In 2011, a lot of Vietnamese famous geographical indications, such as Buon Ma Thuot coffee and Phu Quoc fish sauce were found as having been registered as foreign trademarks.
Competent agencies are collecting proofs to prepare for the process to reclaim their famous brands which is believed to last at least one year. Meanwhile, many other businesses said they also had to spend a lot of money and time to reclaim their trademarks. Therefore, Vietnamese businesses have been told that “prevention is better than cure.”
Carelessness may lead to the loss of trademark
Established in 1980, the Dong A General Production and Trade Company, the owner of Ben Tre coconut candy has made the trademark well-known on both the domestic and foreign markets. The business has been getting more and more prosperous.
Dong A had exported 900,000-1 million tons of coconut candies a year to China until 1998, when the export volume unexpectedly dropped sharply. Nguyen Thi To, the owner of Ben Tre coconut candy trademark then realized that a Chinese company made its coconuts candies and then sold under the Ben Tre trademark.
Vu Van An, Managing Director of Dong A said that the Chinese company, after a period of cooperating with Dong A, came to meet merchants to collect coconut candies and then brought to China to sell the products under the Ben Tre trademark. Especially, the company also registered the trademark in China. As the quality of the products was not good, this badly affected the fame of real Ben Tre coconut candies and made the sales of real products decrease.
The biggest problem for Dong A at that time was that Dong A’s exports to China were then considered “counterfeit products”, since the Ben Tre trademark was registered on the Chinese market.
Finally, Dong A successfully reclaimed the trademark, but it had to spend two years and a lot of exertion on the work.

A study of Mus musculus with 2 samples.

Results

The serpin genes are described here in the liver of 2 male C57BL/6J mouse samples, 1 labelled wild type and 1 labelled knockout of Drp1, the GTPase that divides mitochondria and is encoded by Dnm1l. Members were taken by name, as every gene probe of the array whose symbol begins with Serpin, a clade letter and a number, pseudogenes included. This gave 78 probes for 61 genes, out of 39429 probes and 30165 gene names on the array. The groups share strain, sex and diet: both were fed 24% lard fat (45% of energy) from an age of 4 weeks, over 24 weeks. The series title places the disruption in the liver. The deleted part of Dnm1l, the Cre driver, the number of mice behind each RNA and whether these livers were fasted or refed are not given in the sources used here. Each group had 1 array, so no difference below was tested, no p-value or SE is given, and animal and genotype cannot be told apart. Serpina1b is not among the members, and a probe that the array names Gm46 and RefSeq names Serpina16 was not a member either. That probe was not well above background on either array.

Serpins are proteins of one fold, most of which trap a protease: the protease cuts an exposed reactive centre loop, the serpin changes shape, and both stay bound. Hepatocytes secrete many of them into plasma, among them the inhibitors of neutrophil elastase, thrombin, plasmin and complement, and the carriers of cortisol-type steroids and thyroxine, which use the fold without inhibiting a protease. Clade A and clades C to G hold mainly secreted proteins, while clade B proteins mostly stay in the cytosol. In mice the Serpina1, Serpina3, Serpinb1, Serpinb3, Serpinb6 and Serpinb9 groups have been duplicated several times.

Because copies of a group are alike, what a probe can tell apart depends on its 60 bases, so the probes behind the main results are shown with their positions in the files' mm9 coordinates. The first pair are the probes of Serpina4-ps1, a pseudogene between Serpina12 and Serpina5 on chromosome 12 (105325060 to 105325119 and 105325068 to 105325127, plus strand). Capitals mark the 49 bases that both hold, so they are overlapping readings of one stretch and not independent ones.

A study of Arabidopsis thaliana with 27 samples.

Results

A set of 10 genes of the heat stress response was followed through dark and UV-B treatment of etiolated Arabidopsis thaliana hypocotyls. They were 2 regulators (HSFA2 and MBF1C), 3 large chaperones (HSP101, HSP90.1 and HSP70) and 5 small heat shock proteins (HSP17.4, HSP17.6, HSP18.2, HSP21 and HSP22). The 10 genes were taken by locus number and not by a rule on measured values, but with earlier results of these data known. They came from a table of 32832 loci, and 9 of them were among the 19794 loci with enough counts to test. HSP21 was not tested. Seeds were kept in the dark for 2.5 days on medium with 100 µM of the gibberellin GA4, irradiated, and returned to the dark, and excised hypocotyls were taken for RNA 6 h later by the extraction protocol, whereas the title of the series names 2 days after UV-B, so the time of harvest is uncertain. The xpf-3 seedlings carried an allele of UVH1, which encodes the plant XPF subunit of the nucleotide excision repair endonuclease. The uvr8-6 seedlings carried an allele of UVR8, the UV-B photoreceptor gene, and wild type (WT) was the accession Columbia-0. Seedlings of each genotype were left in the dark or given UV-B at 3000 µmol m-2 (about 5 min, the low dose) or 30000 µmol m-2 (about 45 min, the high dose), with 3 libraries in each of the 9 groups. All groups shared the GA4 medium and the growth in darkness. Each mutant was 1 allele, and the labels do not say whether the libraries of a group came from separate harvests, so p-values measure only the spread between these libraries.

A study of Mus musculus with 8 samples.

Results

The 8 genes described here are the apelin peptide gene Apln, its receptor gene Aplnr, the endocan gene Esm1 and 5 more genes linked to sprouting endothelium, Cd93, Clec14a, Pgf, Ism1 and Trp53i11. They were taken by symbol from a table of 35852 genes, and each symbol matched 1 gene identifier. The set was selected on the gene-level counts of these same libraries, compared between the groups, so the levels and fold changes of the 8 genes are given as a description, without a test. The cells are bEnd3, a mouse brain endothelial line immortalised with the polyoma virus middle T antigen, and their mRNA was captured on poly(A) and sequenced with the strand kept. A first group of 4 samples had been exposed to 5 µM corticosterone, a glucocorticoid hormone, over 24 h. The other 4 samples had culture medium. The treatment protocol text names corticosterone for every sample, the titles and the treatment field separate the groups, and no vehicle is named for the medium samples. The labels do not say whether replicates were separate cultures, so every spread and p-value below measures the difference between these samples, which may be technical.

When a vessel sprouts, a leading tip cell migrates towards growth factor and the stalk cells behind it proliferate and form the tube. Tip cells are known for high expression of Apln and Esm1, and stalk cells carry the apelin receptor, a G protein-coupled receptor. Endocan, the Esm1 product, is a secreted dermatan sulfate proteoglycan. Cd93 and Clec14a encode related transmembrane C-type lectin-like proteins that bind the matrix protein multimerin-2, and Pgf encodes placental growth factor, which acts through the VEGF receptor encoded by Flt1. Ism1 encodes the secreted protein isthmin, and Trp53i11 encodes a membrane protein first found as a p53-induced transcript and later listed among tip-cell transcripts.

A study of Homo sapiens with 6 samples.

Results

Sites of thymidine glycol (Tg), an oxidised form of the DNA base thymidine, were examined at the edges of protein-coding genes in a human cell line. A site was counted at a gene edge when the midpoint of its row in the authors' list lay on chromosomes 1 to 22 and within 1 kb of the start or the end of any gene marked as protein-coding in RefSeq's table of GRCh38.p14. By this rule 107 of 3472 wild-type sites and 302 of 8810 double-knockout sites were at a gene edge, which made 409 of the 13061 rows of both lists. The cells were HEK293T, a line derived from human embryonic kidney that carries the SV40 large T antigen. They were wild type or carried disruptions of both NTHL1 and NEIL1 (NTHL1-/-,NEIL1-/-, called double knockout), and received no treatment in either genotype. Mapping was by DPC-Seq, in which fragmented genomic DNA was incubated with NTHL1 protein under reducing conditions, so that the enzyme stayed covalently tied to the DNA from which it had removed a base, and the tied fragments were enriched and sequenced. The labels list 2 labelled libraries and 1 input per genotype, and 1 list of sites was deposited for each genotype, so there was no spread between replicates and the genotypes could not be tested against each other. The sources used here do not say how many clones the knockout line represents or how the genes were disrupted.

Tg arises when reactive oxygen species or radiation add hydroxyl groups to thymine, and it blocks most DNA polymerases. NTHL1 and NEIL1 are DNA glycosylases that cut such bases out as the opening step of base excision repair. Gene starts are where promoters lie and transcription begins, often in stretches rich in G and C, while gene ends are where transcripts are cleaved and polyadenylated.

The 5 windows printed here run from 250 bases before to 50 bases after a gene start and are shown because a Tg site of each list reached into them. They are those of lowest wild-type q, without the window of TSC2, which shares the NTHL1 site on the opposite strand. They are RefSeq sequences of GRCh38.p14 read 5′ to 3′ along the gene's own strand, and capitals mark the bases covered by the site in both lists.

A lot of other well-known Vietnamese trademarks were also stolen, and the real owners of the trademarks could only get them back after a lot of years of following lawsuits.
Phu Quoc fish sauce, also a well-known brand of Vietnam, was registered by an US company – Viet Huong Fishsauce in the US in 1982. Since that year, the products of the company all used the trademark with the picture of anchovy, Phu Quoc Island and the map of Vietnam.
In 2006, the Vietnamese famous trademark appeared in many countries in the world, including in Europe, Australia, Thailand and China. However, these were the products of Viet Huong Fishsauce.
In May 2011, a business in Hong Kong – Viet Huong Trading Company Ltd, also filed for the trademark registration of Phu Quoc fishsauce trademark in Chinese territory.
Most recently, Vietnamese Buon Ma Thuot coffee and Dak Lak coffee brands have been found as having registered in foreign markets. In June 2011, Lawer Le Quang Vinh from Bross & Partners, a law firm in Hanoi, discovered that the Buon Ma Thuot geographical indication–both in Latin and Chinese languages, were registered for protection in China by a business in Guangzhou.
With the registration, the company will be protected for 10 years, since November 2010. The owner of the enterprise also registered the logo “Buon Ma Thuot Coffee – 1896” in China in June 2011.
Claiming back trademarks is really a thorny process
According to Lawyer Le Quang Vinh, it will take 2-3 years to reclaim the Buon Ma Thuot coffee trademark. If following diplomatic measures, it will take at least 1.5 years, and six months more to prepare documents and collect proofs.
Vietnamese trademark owners need to follow an appeal case in accordance with the Chinese Trademark Law. As the Chinese agencies have to deal with more than 1 million applications for protecting trademarks, they get overloaded.
According to Tran Viet Hung, former Head of the Vietnam National Office of Intellectual Property NOIP, it would not be a complicated case to reclaim Buon Ma Thuot trademark, if referring to Chinese laws and the international practice.